19 November 2001 00:00 [Source: ACN]European markets are seeing lower prices, weaker demand and a buildup of inventory. But there are more challenges to be faced in 2002, reports Martin Todd of ECN
A cloud of uncertainty hangs over the European petrochemical markets as players await greater clarity on the depth of the current economic downturn, which has been exacerbated by the terrorist attacks in the US.
In H1 2001, the European chemical industry was congratulating itself on largely avoiding the downturn evident in Asia and the US. However, starting from Q3, the impact of the global economic slowdown has been much more evident.
Currently, the downturn is being felt across all sectors of the chemical industry, with markets seeing lower prices, weaker demand and a buildup of inventories.
This situation is likely to worsen as industry players look to minimise year-end inventories and working capital.
In such a climate, discounted pricing is likely to emerge as sellers rush to conclude deals.
The European chemical industry has seen a spate of lower earnings and profit expectation announcements in recent months.
While conceding that BASF would not be able to meet its current three-year profit target, chairman Jurgen Strube noted that the company is operating in a 'very difficult economic environment' due to a severe decline in consumer confidence in the US and Europe. This has led to a 'significant reduction in the level of orders accompanied by high pressure on margins and unsatisfactory prices'.
The most optimistic market observers see no improvement in market conditions until mid-2002. And there are many who do not envisage an upturn until well into H2 2002 at the earliest.
The general expectation is that conditions will worsen before they get better.
Activities in the European polymer sector give clear indications of the shift in market conditions and expectations. Right until early October, European polymer producers were posting price increases. Since then, it has become evident that price increases will be difficult to implement.
In fact, European PE and PP prices fell by 2-5 pfg/kg last month. Producers have now adopted a defensive position and will be lucky to avoid further decreases before the end of this year.
In September, market leader Basell announced it will close a total of 330 000 tonne/year of PP capacity. A 180 000 tonne/ year of PP capacity at Wilton, UK, will be mothballed. A 90 000 tonne/year PP plant in Tarragona, Spain, has already been closed. A 60 000 tonne/year PP plant at the same site was also mothballed.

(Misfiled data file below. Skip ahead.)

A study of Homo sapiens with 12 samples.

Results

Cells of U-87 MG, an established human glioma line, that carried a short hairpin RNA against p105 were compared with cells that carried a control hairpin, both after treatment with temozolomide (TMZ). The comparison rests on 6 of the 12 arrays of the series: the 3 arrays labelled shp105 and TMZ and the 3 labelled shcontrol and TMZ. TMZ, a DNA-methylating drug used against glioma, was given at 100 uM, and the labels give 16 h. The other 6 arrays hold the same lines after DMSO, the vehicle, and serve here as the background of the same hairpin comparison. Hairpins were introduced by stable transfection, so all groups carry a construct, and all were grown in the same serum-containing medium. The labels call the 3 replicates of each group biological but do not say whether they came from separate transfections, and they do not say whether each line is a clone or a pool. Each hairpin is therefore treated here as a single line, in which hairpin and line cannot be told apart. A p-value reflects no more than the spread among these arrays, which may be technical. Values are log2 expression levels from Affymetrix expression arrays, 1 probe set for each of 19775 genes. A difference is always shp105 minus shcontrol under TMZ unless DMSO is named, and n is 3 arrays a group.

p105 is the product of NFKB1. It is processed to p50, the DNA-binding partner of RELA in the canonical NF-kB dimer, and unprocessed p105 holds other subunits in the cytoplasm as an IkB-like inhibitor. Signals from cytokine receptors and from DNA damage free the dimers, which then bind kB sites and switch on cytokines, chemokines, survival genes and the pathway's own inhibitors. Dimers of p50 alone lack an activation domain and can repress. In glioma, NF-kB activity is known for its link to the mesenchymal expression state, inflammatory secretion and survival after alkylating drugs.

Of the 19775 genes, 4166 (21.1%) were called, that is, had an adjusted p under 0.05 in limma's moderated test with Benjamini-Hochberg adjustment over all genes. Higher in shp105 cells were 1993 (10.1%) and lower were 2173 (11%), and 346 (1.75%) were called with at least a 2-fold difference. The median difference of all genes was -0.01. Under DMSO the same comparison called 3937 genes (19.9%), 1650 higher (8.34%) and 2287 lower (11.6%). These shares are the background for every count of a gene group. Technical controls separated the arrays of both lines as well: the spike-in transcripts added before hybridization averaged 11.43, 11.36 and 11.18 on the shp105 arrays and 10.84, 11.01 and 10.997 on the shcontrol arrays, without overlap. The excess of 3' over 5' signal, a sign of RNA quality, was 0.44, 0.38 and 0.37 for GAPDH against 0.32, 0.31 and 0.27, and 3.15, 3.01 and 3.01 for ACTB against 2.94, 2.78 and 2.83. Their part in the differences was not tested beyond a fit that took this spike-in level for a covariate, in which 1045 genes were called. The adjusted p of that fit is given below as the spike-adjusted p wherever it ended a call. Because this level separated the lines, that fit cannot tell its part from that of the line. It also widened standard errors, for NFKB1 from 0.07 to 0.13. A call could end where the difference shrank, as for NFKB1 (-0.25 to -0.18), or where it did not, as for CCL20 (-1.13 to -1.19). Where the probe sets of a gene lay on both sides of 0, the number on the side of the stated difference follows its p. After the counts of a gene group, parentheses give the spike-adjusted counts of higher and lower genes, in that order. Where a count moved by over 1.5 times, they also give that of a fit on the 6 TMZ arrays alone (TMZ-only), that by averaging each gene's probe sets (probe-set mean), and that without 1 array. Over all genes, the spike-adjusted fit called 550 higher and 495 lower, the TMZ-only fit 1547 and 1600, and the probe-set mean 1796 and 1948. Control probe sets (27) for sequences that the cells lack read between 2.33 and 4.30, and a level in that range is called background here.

BP has brought forward the closure of its 100 000 tonne/year ldPE unit at Wilton. The closure marks the end of almost 50 years of PE production by BP at its Wilton site.
The shutdowns are a response to current market conditions of poor prices and weak margins. They also reflect the fact that European producers are examining the cost-effectiveness of their European polymer plants in relation to plant size, age and feedstock positions.
European olefin producers face a number of other challenges in 2002. Absorbing new capacities is one of them.
Dow Chemical will commission 600 000 tonne/year of ethylene capacity at Ternuzen, the Netherlands, in Q1 2002, bringing ethylene capacity at the site to 1.7m tonne/year.
BP will start up a new 270 000 ethylene unit at Grangemouth, UK, bringing capacity at the site to over 1m tonne/year.
Although the European market can absorb the new material, the additional volumes could prove problematic in the short term.
Ethylene has become increasingly long in Europe during H2 2001, reflecting the weakness in derivative markets particularly in the polyolefins sector.
This has been evident in the downward shift in contract and spot prices. The contract price in Q1 2001 was agreed at Euro640/tonne. By Q4, the contract number had fallen to Euro553/tonne.
Likewise, spot ethylene cargoes were selling at US$610/tonne cif NWE in April, but November material is being offered at US$365/tonne cif NWE.
European cracker margins have been under pressure since Q2. And operating rates have begun to decline in recent weeks. Olefin producers admit to running units at 85-90% of capacity, although market observers believe some units are running at even lower rates.
The direction of and the degree of volatility in crude oil and naphtha markets will be of vital interest to European petrochemical players next year. The majority of European crackers use naphtha as feedstock, the price of which is intrinsically linked to crude-oil prices.
There is growing scepticism over whether Opec (Organisation of Petroleum-Export-ing Countries) can maintain crude-oil prices within US$22-28/bbl despite indications that it will not hesitate to further reduce production.
The current instability in the markets is not just a European phenomena but can be seen in other regional markets.
As a result of the high degree of uncertainty, market observers are reluctant to make detailed predictions on when conditions will improve or when there will be a light at the end of the tunnel.